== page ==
To Test or Not to Test? Retention, Application, and Confidence-Building and the American History Survey Course

At the beginning of each semester, I, like most others, spend some time evaluating my syllabus to assess if it meets the needs of my students. While over the years I have placed many assignments and activities on the chopping block, I continue to schedule a midterm and a final exam.

When I first became an instructor, I scheduled exams to assess retention of class information and the course readings. Over time, my objectives changed. Now, my primary purpose is to help my students gain confidence in their ability to retain and apply information. In short, by taking exams, my students learn that they can rely on their intellect and skills to recall and use details in a written format.

My midterm and final exams are closed note and closed book. My objective is to teach my students that they can retain and apply information in an analytical way with no outside help. I provide a study guide one week before each exam. The midterm covers information relating to American history from pre-contact to 1865. My final exam addresses American history after the Civil War along with one cumulative essay that asks students to trace the long-term effects of the institution of slavery in America. My exams consist of five multiple choice questions, five fill-in-the-blank, two to three identification paragraphs (IDs) based on topics covered in the readings/and the course lectures, and one to two essay questions.

I also schedule an exam review. The midterm review is usually brief as some students are hesitant to ask questions. Most have simply not begun to study.  By the time we review for the final, the majority of the students have started studying and have more specific inquiries about the content of the study guide.

I am aware of the arguments against written exams.  One opposing opinion is that in today’s world of technology there is little need to learn how to memorize details and events. If we need a date or to reference an article or another source of information we can run a quick internet search. But does that mean that we shouldn’t also practice retaining information? Can we take that detail and break it down and file it into our long-term memory for future use?  Of course! This is what I design my midterm and final exams to do; to teach my students that they can communicate information that they retained through dedicated study.

Now, I am not suggesting that my classroom is a site of educational utopia.  Yes, I offer a study guide, I explain the objectives, and I provide a safe space where students are encouraged to be imperfect. Each student must decide for her/himself to attend each class, prepare for the exam review and study. There are always some students for a myriad of reasons which cannot or will not prepare. Most students do take both exams and in the process improve their study and communication skills increasing self-confidence.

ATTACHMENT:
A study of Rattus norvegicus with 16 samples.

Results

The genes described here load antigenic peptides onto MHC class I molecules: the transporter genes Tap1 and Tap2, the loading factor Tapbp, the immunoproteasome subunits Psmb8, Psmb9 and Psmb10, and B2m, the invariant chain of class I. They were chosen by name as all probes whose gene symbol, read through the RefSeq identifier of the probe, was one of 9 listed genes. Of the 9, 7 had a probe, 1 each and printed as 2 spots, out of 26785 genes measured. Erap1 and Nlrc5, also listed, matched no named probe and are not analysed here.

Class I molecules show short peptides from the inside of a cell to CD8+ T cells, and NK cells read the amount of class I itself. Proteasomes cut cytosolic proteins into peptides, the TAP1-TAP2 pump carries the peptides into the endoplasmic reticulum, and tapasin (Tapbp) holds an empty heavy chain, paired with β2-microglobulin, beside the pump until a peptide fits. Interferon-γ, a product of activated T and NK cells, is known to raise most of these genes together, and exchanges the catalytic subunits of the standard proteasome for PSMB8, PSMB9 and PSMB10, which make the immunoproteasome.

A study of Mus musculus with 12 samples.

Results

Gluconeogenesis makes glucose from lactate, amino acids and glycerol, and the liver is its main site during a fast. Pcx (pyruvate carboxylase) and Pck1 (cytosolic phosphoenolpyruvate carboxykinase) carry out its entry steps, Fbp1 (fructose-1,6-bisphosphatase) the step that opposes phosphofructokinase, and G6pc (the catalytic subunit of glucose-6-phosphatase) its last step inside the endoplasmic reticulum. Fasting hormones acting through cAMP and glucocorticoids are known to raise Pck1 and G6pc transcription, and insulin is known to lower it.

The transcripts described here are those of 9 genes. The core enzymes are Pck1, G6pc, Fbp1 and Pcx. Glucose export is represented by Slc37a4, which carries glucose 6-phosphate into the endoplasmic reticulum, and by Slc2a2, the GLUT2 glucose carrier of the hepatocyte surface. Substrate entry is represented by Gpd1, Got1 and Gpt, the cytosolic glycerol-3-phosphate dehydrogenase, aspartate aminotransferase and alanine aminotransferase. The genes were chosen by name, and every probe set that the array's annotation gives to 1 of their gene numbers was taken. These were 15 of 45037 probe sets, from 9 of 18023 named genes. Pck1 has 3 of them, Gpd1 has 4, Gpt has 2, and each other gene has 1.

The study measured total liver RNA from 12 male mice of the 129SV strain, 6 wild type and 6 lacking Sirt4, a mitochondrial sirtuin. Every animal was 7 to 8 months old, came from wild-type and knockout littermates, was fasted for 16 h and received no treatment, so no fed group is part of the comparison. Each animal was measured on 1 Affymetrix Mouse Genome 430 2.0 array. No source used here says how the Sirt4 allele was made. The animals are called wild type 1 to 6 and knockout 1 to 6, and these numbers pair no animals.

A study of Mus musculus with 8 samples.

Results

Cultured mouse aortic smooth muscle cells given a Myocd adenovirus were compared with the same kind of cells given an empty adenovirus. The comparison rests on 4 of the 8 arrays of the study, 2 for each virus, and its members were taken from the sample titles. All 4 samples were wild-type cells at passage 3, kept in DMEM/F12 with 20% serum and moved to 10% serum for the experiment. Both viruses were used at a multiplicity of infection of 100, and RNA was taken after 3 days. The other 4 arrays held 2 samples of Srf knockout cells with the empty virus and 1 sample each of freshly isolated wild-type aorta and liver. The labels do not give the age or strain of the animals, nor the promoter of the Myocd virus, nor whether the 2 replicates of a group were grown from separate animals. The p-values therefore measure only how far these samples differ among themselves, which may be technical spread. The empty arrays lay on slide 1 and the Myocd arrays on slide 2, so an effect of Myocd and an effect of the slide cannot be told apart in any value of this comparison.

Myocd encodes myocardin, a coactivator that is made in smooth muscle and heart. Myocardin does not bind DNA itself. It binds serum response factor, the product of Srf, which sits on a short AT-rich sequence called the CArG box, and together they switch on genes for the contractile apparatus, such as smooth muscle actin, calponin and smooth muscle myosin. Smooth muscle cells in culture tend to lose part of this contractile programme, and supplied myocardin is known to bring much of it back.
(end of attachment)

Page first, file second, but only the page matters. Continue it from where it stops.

How do I know that my students feel more self-assured? I am not sure about all of you, but over the past couple of years, I have noted that an increasing number of my students struggle with anxiety and/or depression.  While I understand that mental illness has been an issue for a long time, more recently I have found that an increasing number of students experience these conditions. Over the last two years, I have chatted with a large number of my students about their fears of speaking in class, in submitting homework and taking an exam. Several students have told me that they do not believe that they can succeed.

How do my exams combat feelings of anxiety? By providing each student with the opportunity to stress about an upcoming assignment, to prepare, and then to complete the project, they grow in self-confidence. They realize that yes, they can do hard things. For example, when I arrive to proctor the midterm I usually encounter a group of quiet students waiting for me to unlock the door.  Before the final exam, I find my students sitting or standing outside the classroom comparing notes or discussing study techniques. I also hear others complaining about the exam and the study process overall.  This is a good thing!  This means that they are prepared and more focused on the process rather than their inability to succeed.

I also find that most students over-prepare for my final exam. This means that they arrive with so much information in their head it takes them longer than the assigned time to complete the exam.  I welcome this and never force a survey-level student to leave when the scheduled exam time is up. I would rather they get all of the information on the page. They can learn how to edit and condense material in future courses. As we all know, writing is a process, and I want my students to understand this as well.

These are the reasons I continue to schedule exams in my courses. While initially, I assigned tests to assess retention of knowledge, now I see them as serving a higher purpose.  By preparing for my exams, my students realize they can face a challenge head-on, and they can apply this self-assurance in other aspects of their life.